The New York Times finally caught on today, publishing this pretty good story about the perils of bailing out Level 3 assets held by profligate banks.
To recap our saga: Back in September, Treasury Secretary Henry Paulson rolled out the Troubled Assets Relief Program, fondly known as TARP, and told congress that the $700 billion he demanded for the program would be used to buy “hard to value” assets held by banks. That prompted people familiar with bank processes to explain to people like me that “hard to value” meant Level 3, which is “financial pig shit.”
Further inquiries revealed that banks had been piling up these bad debts and calling them “assets” for more than a year, just waiting for Uncle Sam to rush in with a bail bucket.
Paulson started spending the money otherwise–buying up “preferred stock” and other allegedly less toxic stuff, and then took credit for the total lack of financial Armageddon that has happened since.
Meanwhile came the pained whimpers of bond holders, hedge funds, and others demanding payment for their correct bets on the direction of various mortgage-backed securities. Seemed their counterparties–AIG especially–couldn’t pay. So, in several steps, the taxpayers pumped about $150 billion into AIG, while AIG stopped paying the man who wrecked it–Joe Cassano–his $1 million per month severance pay.
A total of $2.5 trillion got shoveled into other banks and financial companies. They spent more than $18 billion of it of it on executive bonuses, reasoning that such big brains as theirs must be compensated appropriately, lest they debark to some less socially valuable pursuit, such as nuclear physics.
Now comes President Obama and Timothy Geithner, one of Paulson’s protégés. Geithner is going back to his predecessor’s original TARP plan, which means buying up the toxic bonds that the banks say they can’t easily value.
So the Times rightly asks, well, how can they be valued? The paper illustrates with a single mortgage-backed bond:
The financial institution that owns the bond calculates the value at 97 cents on the dollar, or a mere 3 percent loss. But S.& P. estimates it is worth 87 cents, based on the current loan-default rate, and could be worth 53 cents under a bleaker situation that contemplates a doubling of defaults. But even that might be optimistic, because the bond traded recently for just 38 cents on the dollar, reflecting the even gloomier outlook of investors.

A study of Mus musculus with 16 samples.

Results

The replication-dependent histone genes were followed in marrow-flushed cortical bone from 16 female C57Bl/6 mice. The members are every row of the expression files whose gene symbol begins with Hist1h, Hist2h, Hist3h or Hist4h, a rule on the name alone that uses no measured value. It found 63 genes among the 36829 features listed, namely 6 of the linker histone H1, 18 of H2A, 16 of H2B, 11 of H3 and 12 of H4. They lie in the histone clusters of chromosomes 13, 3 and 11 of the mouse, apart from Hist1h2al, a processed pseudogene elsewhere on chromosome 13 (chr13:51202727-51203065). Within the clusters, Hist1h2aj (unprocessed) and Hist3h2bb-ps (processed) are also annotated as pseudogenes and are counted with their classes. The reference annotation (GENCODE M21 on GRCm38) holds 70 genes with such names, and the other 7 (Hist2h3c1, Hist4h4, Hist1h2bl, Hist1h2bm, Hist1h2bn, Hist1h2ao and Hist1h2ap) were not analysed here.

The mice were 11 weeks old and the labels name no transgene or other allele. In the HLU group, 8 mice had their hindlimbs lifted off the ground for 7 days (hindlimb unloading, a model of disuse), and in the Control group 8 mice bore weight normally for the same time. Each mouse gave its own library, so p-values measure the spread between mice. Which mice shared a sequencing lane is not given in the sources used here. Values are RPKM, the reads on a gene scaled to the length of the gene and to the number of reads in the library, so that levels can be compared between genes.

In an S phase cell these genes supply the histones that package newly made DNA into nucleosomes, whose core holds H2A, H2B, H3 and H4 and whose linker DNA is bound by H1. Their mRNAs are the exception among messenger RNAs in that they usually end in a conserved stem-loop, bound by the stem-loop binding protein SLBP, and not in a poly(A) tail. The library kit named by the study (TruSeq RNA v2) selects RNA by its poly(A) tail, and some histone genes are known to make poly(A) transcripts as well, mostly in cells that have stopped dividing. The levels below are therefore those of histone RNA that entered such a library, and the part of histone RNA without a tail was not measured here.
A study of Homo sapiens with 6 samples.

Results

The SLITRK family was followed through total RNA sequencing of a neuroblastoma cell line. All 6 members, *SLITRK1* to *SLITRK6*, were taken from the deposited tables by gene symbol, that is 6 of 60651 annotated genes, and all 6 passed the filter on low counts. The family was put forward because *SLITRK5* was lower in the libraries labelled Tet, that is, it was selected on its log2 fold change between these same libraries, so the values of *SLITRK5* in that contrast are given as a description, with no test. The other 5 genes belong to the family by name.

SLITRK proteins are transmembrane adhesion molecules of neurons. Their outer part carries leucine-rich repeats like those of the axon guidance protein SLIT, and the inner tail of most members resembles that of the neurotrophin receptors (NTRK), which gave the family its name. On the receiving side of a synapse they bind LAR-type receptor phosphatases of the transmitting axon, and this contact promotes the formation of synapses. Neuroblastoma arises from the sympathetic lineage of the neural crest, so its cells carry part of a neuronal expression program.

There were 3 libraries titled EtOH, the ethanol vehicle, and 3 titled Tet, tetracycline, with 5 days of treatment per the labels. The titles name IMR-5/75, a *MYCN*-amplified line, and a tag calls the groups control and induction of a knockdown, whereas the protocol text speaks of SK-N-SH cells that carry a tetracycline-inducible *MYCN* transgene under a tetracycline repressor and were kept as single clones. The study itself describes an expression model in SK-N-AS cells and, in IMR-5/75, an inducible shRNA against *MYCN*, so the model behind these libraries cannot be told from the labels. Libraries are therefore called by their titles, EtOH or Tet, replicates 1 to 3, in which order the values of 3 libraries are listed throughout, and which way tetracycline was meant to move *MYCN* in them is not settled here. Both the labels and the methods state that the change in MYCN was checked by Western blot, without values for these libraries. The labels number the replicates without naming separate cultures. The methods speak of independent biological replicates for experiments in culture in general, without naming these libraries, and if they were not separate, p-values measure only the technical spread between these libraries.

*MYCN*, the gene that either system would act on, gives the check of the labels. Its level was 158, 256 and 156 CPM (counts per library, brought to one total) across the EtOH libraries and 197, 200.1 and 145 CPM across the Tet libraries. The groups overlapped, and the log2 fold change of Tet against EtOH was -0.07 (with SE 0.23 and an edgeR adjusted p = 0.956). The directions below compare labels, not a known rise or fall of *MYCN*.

So confusing, yes? Who could possibly be right?
And yet, always before it was the bond market–the 38 cents guys–who were presumed to have the true value. They are, by definition, the actual market value.
To understand where they’re coming from, it helps to know something about the bond under analysis. The Times gives us that:
The bond is backed by 9,000 second mortgages used by borrowers who put down little or no money to buy homes. Nearly a quarter of the loans are delinquent, and losses on defaulted mortgages are averaging 40 percent. The security once had a top rating, triple-A.
Hmmm. 9,000 piggy-back loans with a 25 percent delinquency rate? The only way for this bond to be worth more than 50 cents is if it is an upper-level tranche. That is, though the Times story does not say this, the bond under study must be protected by lower-level bonds made from the same mortgages. The holders of those lower tranches were promised higher returns for taking higher risks of default–so the first defaults would have already wiped those investors out, leaving these bondholders still afloat.
Even still, does anyone still think there is a significant percentage of no-money-down home-owners who are not underwater? Realistically, about 8,900 of these 9,000 mortgages are in technical default, because the underlying asset–the house–is no longer worth as much as the loan. That 75 percent of them are still paying is a testament to their honesty and good faith. But since a typical foreclosure recovers about 60 percent of the loan value, and these loans are all in line behind the first mortgages, the chances of any recovery in foreclosure is virtually nil. The Times doesn’t consider this.
It does, however, make this obvious point:
Big banks and other owners of mortgage investments have argued that the low market prices reflect fire sales. Many have classified such securities as level-three assets, for which accounting rules allow them to determine values using computer models rather than the marketplace. . . .
But critics . . . say that the banks’ accounting for these assets cannot be trusted because they have an incentive to use optimistic assumptions.
Well. You suppose?
The Times gets the main point right: What’s being contemplated by the Obama Administration is that taxpayers will pay the banks’–or, at worst, S&P’s–price for these “toxic assets.” We’ll take the loss so that bondholders–some of which are municipal pensions and others of which are rich playboys–don’t have to. We’ll take the loss so the bankers themselves can continue to pay themselves commensurately to their intelligence.
But it’s probably worse than the Times yet imagines: The Times‘ example is a real bond–an honest-to-Hayek “mortgage-backed security” based on mortgages on actual McMansions. We’ve seen how these can be worthless even though the houses exist. But the Times has yet to explain the wonders of synthetic mortgage-backed securities. These are derivatives-based on the value of the real MBS, but untethered to any actual houses–and there’s a lot of this stuff parked at Level 3 on banks’ balance sheets.
The story of why American taxpayers should or might fork over full face value for that stuff, which has the intrinsic value of a scratched lottery ticket, awaits the next striking realization of the Times.